Anti-Malware Scan Stops Cardiac Catheterization Procedure

It is important for anti-malware solutions to be used to protect medical devices, although care must be taken when configuring software. As was recently highlighted at a U.S. hospital, a software misconfiguration has the potential to have an adverse effect on patients.

Earlier this year, a cardiac catheterization procedure had to be halted when a hemo monitor PC was prevented from communicating with the hemo monitor. This resulted in the hemo monitor screen going black, preventing the operating room staff from viewing the patient’s physiological data.

There was a delay to the procedure of around five minutes while the application was rebooted, during which time the patient was sedated. The procedure continued after the application was brought back online and was completed successfully, although the delay could potentially have caused the patient to come to harm.

The Food and Drug Administration (FDA) has recently issued a report on the incident, which occurred on February 8, 2016.

The FDA investigation revealed that the temporary failure of the equipment – Merge Hemo V9.40.1 – was not due to a fault or malfunction with the programmable diagnostic computer or monitor, but with the anti-malware software that was used to protect the device from malicious software installations. The anti-malware software had been configured to scan all files, including patient data files and medical images. This was against the recommendations of Merge Healthcare, the manufacturer of the device.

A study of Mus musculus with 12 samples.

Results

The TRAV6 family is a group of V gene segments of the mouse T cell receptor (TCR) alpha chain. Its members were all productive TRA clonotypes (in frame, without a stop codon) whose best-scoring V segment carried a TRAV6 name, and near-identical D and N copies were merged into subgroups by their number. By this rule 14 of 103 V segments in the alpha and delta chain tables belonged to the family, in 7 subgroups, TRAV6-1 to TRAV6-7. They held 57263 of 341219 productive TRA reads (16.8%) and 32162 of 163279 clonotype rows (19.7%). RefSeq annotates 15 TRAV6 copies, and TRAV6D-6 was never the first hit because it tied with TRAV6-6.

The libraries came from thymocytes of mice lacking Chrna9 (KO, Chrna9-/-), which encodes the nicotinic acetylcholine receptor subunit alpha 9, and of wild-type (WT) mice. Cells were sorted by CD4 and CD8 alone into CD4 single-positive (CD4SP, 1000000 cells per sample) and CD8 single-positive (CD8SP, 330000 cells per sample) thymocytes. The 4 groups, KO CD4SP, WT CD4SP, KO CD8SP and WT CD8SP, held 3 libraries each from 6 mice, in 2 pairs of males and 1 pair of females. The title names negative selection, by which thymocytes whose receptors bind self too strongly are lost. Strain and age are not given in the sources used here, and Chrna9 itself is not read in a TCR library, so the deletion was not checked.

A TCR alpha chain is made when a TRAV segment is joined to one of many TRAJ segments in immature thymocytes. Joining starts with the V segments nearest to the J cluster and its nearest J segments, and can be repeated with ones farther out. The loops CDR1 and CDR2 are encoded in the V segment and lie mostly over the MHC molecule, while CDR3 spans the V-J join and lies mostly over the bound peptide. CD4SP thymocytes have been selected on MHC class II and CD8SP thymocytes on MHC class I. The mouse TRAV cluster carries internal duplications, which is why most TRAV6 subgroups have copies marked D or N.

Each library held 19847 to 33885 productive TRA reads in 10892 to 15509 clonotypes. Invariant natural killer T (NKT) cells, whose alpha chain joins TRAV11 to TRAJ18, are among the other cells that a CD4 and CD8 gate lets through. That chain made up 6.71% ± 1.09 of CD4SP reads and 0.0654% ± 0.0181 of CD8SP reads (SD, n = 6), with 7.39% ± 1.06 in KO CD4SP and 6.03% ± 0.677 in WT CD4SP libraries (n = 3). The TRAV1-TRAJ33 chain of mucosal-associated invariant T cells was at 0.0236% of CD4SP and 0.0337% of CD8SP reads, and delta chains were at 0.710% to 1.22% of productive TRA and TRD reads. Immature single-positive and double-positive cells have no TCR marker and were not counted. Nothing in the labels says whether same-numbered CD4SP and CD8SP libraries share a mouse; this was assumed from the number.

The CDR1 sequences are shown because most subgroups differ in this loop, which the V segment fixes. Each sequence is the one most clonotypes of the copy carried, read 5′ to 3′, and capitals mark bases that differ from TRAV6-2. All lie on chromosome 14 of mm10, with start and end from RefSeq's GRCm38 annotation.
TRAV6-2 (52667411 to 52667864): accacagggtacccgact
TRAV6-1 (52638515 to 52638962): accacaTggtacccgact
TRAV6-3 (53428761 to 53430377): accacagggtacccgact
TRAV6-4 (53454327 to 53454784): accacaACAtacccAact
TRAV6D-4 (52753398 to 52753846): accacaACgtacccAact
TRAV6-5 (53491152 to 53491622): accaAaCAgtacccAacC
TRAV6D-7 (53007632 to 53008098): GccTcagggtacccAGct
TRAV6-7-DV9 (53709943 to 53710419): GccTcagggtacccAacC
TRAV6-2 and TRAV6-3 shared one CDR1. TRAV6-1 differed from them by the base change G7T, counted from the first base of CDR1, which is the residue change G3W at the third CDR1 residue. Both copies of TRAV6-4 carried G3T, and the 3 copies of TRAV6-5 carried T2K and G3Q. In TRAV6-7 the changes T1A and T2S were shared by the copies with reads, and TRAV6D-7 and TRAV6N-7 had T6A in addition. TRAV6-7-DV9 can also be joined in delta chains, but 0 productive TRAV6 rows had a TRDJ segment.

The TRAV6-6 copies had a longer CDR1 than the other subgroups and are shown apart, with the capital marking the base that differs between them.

According to Merge Healthcare, improper configuration of anti-malware software can result in downtime and may have an adverse effect on performance of the equipment. While it is important to regularly scan for viruses and other malicious software, it is essential that software is correctly configured.

Merge healthcare advises users to only scan for vulnerable files and to skip patient data files and medical images, which was clearly stated in the guidelines supplied with the equipment. The incident was attributed to human error when configuring the software.

Author: Steve Alder has many years of experience as a journalist, and comes from a background in market research. He is a specialist on legal and regulatory affairs, and has several years of experience writing about HIPAA. Steve holds a B.Sc. from the University of Liverpool.